Tricked by the pandemic, treated to an experience they’ll never forget

APPOMATTOX COUNTY, Va. – Eleven-year-old Coleman Almond is building an ice cream truck Halloween costume for his sister.

“She deserves it because we get a lot, then she’s always left behind. I feel like this is special for her.”

His twin sister, Dagan, is in a wheelchair. Complications during pregnancy led to her inability to walk and sit on her own.

But her mom, Sara, says that won’t stop Dagan.

“She’s just a miracle. She wants to; she has the ambition to do everything that everybody else is doing,” said Sara Almond.

So when she wanted to be an ice cream truck for Halloween, the family decided to participate in a virtual costume contest called ‘Hallowheels.’

“Everybody’s just, kind of, taking a turn and helping in what they can do to get this built for her,” said Sara.

The event is organized by Children’s Assistive Technology Services -- or CATS.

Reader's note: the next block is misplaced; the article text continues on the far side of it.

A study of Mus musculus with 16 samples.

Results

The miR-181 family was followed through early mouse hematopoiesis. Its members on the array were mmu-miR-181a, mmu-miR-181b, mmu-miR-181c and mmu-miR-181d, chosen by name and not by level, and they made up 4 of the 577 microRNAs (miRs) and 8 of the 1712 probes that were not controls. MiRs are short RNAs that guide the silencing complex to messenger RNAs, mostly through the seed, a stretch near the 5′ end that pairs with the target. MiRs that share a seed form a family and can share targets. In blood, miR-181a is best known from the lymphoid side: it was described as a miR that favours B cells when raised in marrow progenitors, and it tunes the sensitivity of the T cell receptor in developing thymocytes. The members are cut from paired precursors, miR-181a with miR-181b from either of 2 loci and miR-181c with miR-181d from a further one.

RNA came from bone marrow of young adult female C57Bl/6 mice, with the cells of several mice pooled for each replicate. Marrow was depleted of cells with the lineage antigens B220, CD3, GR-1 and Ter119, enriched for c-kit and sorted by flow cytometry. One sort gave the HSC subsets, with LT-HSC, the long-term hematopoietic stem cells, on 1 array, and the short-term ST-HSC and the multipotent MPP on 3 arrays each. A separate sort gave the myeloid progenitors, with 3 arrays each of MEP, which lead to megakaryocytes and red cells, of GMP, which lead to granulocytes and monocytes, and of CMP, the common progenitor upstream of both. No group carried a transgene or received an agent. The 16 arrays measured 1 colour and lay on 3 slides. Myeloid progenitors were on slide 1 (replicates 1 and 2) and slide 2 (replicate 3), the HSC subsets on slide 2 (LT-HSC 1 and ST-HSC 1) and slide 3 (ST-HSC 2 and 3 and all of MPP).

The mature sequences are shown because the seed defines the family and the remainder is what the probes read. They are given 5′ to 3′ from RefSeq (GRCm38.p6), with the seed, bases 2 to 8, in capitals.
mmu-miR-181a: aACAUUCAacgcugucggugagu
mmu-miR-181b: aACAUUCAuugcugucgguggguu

They help nearly 1,000 children each year with mobility equipment.

Volunteers usually build costumes for families and host in-person Halloween parties.

With the pandemic, it’s a miracle ‘HalloWheels’ is rolling on.

“Families are stressed right now and getting these families to be able to do this is amazing,” said Cathie Cummins, executive director of CATS.

The organization is providing families the framework for the costumes. Don’t think they’ll provide Dagan with ice cream, though.

“She wants to actually give out ice cream on Halloween,” said Sara.

Passing out almond bars is still in the works for the Almond family.

Their main goal is to put a smile on Dagan’s face.

“I think she’s going to be really excited when she gets to get in it and just roll around,” said Coleman.

Tricked by the pandemic, but treated to an experience they’ll never forget.